Brief Fact Summary.

    Defendant appeals a conviction of feloniously, willfully, and maliciously setting fire to a barn.

    Synopsis of Rule of Law.

    A defendant who commits an illegal act may be found guilty for any subsequent criminal act, which is the natural and probable consequence of committing the first illegal act.

    Facts.

    Lauglin (Defendant) intentionally set fire to a stable and the fire spread to a nearby barn, which contained corn and peas. Although the barn was burnt, it was not completely destroyed. Defendant was indicted for “feloniously, willfully, and maliciously” setting fire to the barn. Defendant was convicted and he appealed.

    Issue.

    Whether a defendant who commits an illegal act may be found guilty for any subsequent criminal act, which is the natural and probable consequence of committing the first illegal act.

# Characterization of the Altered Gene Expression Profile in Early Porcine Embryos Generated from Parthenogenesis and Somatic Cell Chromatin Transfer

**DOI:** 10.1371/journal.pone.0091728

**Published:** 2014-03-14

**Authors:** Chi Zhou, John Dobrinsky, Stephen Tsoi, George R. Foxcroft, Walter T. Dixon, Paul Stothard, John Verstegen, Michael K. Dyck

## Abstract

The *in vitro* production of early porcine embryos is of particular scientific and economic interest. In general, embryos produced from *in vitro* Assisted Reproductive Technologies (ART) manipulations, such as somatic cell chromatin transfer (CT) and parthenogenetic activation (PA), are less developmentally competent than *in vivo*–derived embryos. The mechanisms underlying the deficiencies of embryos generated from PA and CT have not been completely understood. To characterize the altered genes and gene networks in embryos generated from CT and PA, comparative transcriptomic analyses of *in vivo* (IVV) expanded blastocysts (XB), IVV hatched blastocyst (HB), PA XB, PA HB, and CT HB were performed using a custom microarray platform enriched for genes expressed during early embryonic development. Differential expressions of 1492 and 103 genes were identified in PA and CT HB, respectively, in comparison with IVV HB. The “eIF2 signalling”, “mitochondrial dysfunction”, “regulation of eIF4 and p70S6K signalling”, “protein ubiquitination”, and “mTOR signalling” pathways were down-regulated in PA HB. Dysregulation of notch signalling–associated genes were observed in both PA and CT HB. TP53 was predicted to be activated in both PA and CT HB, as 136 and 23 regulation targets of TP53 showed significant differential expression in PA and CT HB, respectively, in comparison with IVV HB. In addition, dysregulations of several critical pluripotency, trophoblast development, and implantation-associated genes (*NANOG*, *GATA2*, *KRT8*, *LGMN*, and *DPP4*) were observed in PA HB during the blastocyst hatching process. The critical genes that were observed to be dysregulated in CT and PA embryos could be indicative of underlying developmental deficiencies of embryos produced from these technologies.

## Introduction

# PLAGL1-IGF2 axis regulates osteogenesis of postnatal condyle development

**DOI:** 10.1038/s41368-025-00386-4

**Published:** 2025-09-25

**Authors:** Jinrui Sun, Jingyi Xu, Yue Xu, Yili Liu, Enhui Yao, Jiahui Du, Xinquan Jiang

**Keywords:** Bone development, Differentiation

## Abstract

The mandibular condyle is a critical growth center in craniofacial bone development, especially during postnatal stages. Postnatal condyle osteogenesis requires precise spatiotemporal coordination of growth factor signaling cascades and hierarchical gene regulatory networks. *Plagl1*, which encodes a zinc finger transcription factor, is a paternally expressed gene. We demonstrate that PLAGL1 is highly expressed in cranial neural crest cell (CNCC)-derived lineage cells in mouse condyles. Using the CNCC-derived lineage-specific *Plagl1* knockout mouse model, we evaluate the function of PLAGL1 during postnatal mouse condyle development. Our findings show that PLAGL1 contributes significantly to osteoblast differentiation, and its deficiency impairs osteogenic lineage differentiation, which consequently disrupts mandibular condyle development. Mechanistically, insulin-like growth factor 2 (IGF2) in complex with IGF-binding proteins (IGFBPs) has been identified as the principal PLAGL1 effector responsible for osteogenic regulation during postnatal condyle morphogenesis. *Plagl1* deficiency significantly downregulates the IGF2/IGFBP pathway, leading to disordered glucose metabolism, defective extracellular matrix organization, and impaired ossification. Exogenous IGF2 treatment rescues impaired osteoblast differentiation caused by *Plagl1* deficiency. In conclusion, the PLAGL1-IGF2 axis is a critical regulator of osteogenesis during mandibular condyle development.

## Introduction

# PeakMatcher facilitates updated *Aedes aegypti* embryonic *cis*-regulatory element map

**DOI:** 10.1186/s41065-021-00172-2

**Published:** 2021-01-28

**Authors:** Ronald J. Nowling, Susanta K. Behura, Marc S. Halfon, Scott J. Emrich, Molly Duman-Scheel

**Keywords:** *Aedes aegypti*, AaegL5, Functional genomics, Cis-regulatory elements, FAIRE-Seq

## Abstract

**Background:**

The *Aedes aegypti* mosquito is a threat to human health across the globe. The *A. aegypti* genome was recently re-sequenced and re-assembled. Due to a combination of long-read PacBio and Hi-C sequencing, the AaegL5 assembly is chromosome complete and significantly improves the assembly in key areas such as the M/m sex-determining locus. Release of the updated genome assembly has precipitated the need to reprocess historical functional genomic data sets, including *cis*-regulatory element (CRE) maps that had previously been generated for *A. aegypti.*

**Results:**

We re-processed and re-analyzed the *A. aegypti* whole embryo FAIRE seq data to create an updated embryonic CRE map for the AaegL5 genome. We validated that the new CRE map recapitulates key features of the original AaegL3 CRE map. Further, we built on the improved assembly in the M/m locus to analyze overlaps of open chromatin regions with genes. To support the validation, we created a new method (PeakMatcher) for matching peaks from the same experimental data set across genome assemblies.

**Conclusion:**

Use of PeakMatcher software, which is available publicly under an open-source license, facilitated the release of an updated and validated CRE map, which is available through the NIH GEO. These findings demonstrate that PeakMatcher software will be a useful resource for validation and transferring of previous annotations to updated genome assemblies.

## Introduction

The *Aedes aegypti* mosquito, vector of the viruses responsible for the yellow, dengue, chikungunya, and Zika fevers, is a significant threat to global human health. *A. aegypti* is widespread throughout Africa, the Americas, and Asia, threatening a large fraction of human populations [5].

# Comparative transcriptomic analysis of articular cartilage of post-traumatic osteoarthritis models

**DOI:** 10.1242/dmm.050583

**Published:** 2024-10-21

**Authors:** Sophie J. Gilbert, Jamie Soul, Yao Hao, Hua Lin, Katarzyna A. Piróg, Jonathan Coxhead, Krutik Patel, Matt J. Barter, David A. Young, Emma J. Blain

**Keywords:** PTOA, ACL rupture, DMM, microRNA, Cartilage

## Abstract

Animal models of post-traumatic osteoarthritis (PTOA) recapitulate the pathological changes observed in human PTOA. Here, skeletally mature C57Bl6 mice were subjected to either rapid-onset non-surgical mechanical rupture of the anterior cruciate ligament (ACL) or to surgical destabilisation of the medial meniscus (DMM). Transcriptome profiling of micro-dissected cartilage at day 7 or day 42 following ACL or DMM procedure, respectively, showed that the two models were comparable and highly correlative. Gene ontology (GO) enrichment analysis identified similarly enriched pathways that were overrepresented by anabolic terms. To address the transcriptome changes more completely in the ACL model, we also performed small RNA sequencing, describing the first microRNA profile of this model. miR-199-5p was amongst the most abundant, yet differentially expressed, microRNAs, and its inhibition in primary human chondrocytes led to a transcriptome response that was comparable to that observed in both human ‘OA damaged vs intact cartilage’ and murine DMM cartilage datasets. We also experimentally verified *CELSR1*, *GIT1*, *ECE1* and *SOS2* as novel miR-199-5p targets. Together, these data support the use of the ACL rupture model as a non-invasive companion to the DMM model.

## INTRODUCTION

Held.

    Yes. Defendant’s conviction is reversed on other grounds. A defendant who commits an illegal act may be found guilty for any subsequent criminal act, which is the natural and probable consequence of committing the first illegal act.

    Discussion.

    Defendant argues on appeal that he cannot be convicted of “willfully” setting fire to the barn because that was not his original intent. The trial court correctly found that Defendant is responsible for any natural and probable consequence resulting from his first criminal act. Setting fire to a house or stable, by itself, is a high misdemeanor. But if there are persons inside the house who become injured by the fire, the crime is elevate to a felony and the defendant is responsible for their injuries as a result of the natural and probable consequences doctrine.